Incarnation Church

Suddenly some Christian leaders began talking about “incarnation” and “incarnational” but the terms were referring not to God Incarnate, that is, God-becoming-body-and-flesh-and-blood, but instead of Christians and churches having an incarnational approach instead of an attractional approach. Then “incarnational” folks got tied to “missional” so that incarnational and missional mean much the same to many. But do they?

My colleagues, David Fitch and Geoff Holsclaw, dip into this “incarnation” discussion their 3d Signpost in their new book, Prodigal Christianity. To review, Signpost #1 is Post-Christendom, Signpost #2 is Mission of God, and Signpost #3 is Incarnation. Some fight the good fight of declaring and defending the Deity of Christ, while others focus rather one-sidedly on his humanity.

Do you like the word “incarnational” for ministry? for something the church is and the church does, of for something the individual is or does?

Fitch and Holsclaw contend we don’t need to defend; instead, “we need only bear witness to the reality of his working in our lives. For us, then, the past-event version of incarnation is not prodigal enough” (34). [False dichotomy a bit here in that apologetics do have some value, at least I would argue so.]

The big issue for them is that the Incarnation continues in the Body of Christ — so they shift to more recent model-of-Jesus approach: “Jesus is not just a divine event lost in the past but a living human possibility His life can live through our lives if we follow the model he left behind” (35).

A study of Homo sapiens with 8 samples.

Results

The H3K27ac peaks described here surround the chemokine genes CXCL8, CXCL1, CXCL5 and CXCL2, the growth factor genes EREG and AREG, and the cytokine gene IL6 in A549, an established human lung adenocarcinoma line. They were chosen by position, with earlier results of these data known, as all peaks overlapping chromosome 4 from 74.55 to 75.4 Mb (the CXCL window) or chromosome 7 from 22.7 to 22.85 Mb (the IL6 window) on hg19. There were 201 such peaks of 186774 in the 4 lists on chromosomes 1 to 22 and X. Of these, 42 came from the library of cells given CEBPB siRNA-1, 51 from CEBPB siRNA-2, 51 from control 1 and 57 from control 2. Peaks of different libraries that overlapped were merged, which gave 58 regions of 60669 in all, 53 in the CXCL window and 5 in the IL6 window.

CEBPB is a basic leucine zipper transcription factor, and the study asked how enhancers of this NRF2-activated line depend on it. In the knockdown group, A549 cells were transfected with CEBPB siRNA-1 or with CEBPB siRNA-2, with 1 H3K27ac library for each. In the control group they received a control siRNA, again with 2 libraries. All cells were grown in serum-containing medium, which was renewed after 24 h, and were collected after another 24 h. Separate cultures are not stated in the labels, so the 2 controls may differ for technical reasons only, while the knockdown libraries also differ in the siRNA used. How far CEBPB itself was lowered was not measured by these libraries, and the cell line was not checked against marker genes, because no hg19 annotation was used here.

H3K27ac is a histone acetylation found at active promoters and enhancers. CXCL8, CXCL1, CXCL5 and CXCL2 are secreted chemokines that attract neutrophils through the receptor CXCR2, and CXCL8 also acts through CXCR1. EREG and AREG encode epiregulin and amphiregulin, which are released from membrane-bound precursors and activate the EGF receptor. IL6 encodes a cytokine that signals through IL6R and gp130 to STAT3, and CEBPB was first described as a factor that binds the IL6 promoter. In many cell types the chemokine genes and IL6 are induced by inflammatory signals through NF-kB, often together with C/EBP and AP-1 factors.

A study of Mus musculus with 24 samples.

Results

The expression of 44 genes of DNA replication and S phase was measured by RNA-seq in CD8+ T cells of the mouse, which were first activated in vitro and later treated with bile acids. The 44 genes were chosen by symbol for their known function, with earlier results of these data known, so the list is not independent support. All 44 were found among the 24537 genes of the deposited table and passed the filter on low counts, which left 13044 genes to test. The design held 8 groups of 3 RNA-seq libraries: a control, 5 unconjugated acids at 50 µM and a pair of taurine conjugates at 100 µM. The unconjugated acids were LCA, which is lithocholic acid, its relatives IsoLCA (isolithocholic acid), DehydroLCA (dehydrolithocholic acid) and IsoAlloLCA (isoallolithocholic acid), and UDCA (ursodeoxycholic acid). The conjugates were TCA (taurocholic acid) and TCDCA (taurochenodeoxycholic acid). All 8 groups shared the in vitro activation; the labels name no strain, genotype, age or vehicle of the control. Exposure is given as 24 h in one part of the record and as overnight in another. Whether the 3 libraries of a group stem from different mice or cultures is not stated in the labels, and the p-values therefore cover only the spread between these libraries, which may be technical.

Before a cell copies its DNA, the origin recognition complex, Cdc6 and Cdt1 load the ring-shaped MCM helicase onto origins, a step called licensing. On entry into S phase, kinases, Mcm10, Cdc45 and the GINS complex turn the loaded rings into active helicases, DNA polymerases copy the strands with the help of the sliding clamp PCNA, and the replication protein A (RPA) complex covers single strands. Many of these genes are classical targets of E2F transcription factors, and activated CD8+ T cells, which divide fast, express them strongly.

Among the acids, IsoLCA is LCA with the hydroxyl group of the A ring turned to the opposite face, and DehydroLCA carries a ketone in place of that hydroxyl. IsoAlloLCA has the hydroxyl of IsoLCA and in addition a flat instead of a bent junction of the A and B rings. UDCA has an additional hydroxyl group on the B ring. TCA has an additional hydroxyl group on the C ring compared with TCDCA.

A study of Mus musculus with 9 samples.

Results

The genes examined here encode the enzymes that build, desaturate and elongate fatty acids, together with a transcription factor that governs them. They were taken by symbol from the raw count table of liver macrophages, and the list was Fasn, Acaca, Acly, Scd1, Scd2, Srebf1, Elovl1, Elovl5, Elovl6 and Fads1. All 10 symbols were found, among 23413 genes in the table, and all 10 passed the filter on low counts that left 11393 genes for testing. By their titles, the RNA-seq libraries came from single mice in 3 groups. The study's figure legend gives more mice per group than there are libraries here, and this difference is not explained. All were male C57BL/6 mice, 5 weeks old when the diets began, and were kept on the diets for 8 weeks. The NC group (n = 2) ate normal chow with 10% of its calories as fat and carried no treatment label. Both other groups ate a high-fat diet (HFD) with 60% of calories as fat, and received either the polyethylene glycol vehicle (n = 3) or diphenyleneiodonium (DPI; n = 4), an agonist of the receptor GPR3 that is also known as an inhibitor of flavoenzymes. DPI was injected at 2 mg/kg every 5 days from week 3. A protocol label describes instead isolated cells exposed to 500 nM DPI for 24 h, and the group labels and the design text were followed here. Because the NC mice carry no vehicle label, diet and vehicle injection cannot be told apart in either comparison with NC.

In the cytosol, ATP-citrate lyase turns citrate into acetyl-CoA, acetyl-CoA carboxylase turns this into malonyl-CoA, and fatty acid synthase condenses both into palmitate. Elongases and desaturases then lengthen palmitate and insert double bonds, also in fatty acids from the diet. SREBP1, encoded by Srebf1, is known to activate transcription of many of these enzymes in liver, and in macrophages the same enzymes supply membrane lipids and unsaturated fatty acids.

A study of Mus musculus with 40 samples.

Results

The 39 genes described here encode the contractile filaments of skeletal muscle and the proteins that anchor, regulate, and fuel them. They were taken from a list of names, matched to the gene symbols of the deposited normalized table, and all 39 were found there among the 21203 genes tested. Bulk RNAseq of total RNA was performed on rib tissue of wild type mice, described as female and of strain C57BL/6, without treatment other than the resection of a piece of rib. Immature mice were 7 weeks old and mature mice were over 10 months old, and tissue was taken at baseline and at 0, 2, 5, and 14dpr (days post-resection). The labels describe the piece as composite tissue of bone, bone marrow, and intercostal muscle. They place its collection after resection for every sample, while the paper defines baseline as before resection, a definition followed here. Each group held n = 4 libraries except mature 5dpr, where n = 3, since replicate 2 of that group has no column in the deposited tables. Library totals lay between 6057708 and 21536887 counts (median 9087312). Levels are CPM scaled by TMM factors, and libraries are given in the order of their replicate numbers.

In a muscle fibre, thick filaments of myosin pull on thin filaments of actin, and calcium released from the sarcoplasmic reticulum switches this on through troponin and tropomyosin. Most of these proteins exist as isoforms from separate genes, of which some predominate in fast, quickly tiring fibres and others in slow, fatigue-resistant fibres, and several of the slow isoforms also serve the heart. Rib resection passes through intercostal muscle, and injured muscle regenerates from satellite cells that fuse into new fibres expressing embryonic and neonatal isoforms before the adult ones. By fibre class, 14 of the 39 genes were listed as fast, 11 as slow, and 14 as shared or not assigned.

The 3d signpost then is the “journey of God into everyday life.” It is about “God’s continuing presence with us” (37). On p. 41 they connect this to the church, the Body of Christ. But before they get there they tie incarnation to “kingdom” and Jesus’ public ministry — in a Trinitarian formula. The disciples “extend” the incarnation of Christ into this world as they extend kingdom. The deity and humanity of Christ are respected. Fitch and Holsclaw contend Hirsch’s incarnational model is too individualistic. They see incarnational mission becomes present especially in the church.

“In essence, we extend the incarnation (his ‘withness’) and bring his kingdom (what already exists and is at work in the world) into visibility before the rest of the world” (45). Where and how? is what I’d ask. They provide an example of reconciliation. Reconciliation within leads to reconciliation in the world.

About Scot McKnight

Scot McKnight is a recognized authority on the New Testament, early Christianity, and the historical Jesus. McKnight, author of more than fifty books, is the Professor of New Testament at Northern Seminary in Lombard, IL.